Saturday, October 23, 1999

In the Military


Army laboratory
to receive remains
of 4 servicemen

By Gregg K. Kakesako


Remains of four U.S. servicemen believed to have been killed in the Korean War will arrive at Hickam Air Force Base on Monday.

The remains will be taken to the U.S. Army Central Identification Laboratory at Hickam for forensic identification.

A Central Identification Laboratory team discovered the remains in North Korea in May and June. During its 30-day operation, two sites involving potential aircraft and ground losses were investigated and one site was excavated.

Since 1996, 32 remains have been excavated from northwest North Korea. To date, three of them have been identified.

Accompanying the remains will be Robert Jones, deputy assistant defense secretary, who has asked the North Koreans for greater access to areas such as the Chosin Reservoir and former POW camps.

There are still 8,215 American servicemen missing from the Korean War.


The Navy's newest guided missile destroyer, the USS O'Kane, was to be commissioned this morning at Pearl Harbor and join the Pacific Fleet's 12 ships and 22 submarines stationed here.

The 504-foot O'Kane is named after World War II Medal of Honor recipient Rear Adm. Richard O'Kane.

The O'Kane is only the second ship to be commissioned at Pearl Harbor. The first was the guided missile cruiser USS Lake Erie in 1993.


A half-dozen soldiers from the Pacific Army Reserve's 9th Regional Support Command will participate in the first military exercise in the Philippines in nearly a decade.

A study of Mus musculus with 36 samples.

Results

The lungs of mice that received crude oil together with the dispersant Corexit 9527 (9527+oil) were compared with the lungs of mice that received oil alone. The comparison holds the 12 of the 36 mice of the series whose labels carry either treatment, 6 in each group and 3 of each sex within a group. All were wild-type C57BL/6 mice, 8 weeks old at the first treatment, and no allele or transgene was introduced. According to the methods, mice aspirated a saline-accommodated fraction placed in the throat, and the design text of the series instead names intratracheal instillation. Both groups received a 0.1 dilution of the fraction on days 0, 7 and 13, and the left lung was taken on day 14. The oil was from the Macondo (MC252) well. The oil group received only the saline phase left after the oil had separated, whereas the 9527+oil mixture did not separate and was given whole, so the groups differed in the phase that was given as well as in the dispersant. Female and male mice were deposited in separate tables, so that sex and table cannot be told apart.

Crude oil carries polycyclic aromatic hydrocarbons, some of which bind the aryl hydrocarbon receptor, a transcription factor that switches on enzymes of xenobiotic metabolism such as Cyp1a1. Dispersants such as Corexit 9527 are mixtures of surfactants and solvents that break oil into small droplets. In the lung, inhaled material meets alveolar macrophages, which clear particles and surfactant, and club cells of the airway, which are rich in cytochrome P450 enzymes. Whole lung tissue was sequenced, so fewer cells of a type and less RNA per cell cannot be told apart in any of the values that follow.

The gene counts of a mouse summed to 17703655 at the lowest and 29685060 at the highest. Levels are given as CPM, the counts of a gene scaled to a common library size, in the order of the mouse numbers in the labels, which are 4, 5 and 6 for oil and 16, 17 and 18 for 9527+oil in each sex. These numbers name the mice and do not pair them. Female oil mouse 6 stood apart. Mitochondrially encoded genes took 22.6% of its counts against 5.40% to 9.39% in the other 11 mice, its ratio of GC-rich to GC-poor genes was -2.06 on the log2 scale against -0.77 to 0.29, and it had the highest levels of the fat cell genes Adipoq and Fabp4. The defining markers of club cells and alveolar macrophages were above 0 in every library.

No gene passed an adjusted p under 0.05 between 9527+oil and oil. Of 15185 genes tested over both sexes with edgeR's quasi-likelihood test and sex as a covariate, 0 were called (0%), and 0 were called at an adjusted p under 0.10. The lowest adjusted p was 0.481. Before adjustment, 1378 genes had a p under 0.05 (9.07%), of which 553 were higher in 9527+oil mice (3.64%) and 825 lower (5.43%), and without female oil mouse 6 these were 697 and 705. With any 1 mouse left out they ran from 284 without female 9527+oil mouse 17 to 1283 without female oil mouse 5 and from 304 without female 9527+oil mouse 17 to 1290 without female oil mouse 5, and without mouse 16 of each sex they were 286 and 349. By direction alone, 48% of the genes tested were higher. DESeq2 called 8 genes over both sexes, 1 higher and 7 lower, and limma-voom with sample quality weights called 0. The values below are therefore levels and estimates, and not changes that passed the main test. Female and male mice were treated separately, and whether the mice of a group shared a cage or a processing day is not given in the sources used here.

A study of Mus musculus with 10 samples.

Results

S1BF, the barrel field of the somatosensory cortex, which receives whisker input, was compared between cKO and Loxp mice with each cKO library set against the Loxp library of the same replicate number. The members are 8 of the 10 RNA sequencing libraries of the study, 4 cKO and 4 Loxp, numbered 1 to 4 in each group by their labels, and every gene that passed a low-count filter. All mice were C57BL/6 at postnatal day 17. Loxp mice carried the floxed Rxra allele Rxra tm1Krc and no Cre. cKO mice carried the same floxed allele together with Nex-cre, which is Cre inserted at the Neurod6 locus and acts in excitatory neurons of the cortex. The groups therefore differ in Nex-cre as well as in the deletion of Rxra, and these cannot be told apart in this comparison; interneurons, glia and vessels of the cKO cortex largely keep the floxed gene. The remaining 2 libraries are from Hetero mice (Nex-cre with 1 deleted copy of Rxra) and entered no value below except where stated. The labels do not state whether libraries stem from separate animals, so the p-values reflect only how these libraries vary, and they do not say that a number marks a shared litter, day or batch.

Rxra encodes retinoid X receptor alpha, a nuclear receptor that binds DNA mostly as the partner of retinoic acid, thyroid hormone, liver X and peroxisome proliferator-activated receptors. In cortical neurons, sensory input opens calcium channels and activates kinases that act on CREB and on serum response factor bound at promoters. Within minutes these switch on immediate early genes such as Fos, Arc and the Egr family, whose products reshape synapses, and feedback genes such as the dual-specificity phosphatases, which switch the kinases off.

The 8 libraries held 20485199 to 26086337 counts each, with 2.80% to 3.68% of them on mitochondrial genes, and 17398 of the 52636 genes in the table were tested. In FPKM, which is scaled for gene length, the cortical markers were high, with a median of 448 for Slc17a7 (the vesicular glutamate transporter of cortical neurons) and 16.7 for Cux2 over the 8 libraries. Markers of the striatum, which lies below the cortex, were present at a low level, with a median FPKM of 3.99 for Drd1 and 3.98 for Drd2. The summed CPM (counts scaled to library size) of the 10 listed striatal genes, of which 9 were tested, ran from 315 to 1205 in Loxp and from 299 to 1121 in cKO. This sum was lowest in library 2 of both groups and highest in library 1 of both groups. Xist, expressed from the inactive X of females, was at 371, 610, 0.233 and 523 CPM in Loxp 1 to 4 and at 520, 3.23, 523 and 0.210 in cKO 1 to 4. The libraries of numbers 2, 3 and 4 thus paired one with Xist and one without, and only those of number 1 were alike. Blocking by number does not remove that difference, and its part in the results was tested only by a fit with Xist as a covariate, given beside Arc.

The reservists will come from the command's engineer and civil affairs units, and will join active-duty soldiers from the 25th Infantry Division when "Exercise Balikatan" is held sometime next year.

In Tagalog, "balikatan" means "shouldering the load" and characterizes both the intent and the effort of the combined Philippine army and U.S. forces training.


A group of Navy sailors has banded together to fill the void for middle-school students after classes end.

SMART, or the Sailors Mentoring and Reaching Teens program, has started a pilot program at Moanalua Middle School, which has 880 students. Its first after-school party was held yesterday.

The team of military and civilian volunteers was established by Navy Lt. Joe Ring, who is assigned to Naval Surface Group Middle Pacific at Pearl Harbor.


Hawaii's military members will get the largest pay raise in nearly two years when a 4.8 percent goes into effect Jan. 1.

The increase is included in a new law signed by President Clinton Oct. 6.